Some 36,000 athletes, including Kenyan and Ethiopian runners who are consistently ranked among the world’s fastest, will run in the 118th Boston Marathon on Monday, putting the world-renown race back in the spotlight after it was marred by last year’s bombing attack.
Returning men’s and women’s champions Lelisa Desisa of Ethiopia and Rita Jeptoo of Kenya are among the top-ranked runners expected to compete in the 26.2 mile race.
But each faces a rival with a faster personal-best time: Dennis Kimetto of Kenya ran last year’s Chicago Marathon in 2:03:45 and Ethiopia’s Mare Dibaba turned in a 2:19:52 performance at the 2012 Dubois marathon.
No American athlete has stood atop the podium on Boston’s Boylston Street, not far from the site of last year’s bombing, since 1985 when Lisa Larsen-Weidenbach of Michigan won the women’s race. The drought has been longer for U.S. men: Greg Meyer of Massachusetts won in 1983.
But there are several U.S. hopefuls in the field, including Ryan Hall of California, who placed third in 2009 and Desiree Linden, who missed winning by just two seconds in 2011.
Race organizers expanded the field by some 9,000 runners this year, to allow the roughly 5,000 athletes who had been left on the course last year when the twin pressure-cooker bombs went off near the finish line another chance to compete.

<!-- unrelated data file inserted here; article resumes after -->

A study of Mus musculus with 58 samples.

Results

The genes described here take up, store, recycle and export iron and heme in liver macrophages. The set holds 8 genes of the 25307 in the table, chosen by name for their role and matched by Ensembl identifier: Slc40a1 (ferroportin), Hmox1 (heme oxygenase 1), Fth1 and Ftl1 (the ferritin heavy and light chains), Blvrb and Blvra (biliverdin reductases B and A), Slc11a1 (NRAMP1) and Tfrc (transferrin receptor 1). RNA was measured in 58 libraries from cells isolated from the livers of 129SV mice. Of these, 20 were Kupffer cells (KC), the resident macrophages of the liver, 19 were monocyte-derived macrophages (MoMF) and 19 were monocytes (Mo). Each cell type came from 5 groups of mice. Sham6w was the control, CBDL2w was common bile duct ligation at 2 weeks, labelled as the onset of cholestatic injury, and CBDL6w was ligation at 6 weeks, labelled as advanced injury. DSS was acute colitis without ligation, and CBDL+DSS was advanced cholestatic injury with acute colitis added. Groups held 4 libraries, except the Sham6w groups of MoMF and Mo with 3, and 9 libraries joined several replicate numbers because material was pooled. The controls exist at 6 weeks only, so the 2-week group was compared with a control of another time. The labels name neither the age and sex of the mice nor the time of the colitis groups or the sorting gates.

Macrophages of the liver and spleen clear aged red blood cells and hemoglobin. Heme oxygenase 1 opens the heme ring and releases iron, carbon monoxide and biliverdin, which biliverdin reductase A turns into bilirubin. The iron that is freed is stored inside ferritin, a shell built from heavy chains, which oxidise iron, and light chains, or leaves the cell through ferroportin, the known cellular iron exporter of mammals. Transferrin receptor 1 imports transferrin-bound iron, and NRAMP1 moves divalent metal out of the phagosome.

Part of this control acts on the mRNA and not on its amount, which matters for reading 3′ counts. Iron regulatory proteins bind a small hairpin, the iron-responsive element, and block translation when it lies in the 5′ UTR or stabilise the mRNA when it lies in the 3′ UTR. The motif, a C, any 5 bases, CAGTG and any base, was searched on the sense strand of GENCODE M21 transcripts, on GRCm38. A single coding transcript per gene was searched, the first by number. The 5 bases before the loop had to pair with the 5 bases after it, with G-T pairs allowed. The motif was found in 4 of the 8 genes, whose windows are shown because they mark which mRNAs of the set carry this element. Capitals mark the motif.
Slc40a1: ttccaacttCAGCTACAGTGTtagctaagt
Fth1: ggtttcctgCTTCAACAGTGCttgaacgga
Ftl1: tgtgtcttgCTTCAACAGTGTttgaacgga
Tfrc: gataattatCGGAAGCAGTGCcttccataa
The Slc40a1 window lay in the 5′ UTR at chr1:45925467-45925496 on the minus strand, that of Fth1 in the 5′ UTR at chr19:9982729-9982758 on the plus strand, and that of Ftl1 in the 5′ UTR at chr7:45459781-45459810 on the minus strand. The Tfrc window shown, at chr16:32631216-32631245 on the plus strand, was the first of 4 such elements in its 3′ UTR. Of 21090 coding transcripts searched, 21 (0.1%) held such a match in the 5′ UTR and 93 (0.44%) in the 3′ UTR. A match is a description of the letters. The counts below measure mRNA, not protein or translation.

Amateur runners often work for years to post the strict age-graded times needed to qualify for the elite race.
Three people died and 264 were injured last year when a pair of ethnic Chechen brothers bombed the finish line, prosecutors contend.
Wisconsin GOP slammed for making people choose between their health and their vote
After Republicans nationally and in Wisconsin successfully sued in both state and federal court to block voters from being given extra time and options to cast votes in the middle of a pandemic, commenters on social media reacted with fury.
What just happened re: Wisconsin can seem a bit confusing. The TL;DR: The Supreme Court decided that Republicans winning elections is more important than keeping voters healthy & alive.
ESPN reports the NBA is looking to rapid COVID-19 tests to resume professional basketball
The NBA and the union representing players are working together on a possible solution to re-open professional basketball in America, ESPN reported Monday.
"In recent weeks, officials within the NBA and NBPA have been collaborating in assessing the viability of multiple blood-testing devices for the novel coronavirus that could provide accurate results within a matter of minutes, a process that would hopefully enable the league to track the virus in what's considered a critical first step toward resuming play in the near future," ESPN senior writer Baxter Holmes reported.
Watch how the BBC reports on ‘the reality’ in the United States during COVID-19 crisis
The British Broadcasting Corporation is reporting on the "frantic and on-the-edge" situation in an intensive care unit in New York City.
The BBC had footage from CBS News, which was allowed in the ICU.
"Though the administration says there's no shortage of Personal Protective Equipment (PPE), the reality is otherwise," the BBC noted.
A front-line worker wearing a garbage bag "wished" she had the same PPE as the reporter.
"It's very, very difficult, it's like something out of 'The Twilight Zone,'" she said.
"And I don't think any of us going through it will ever be the same," she added.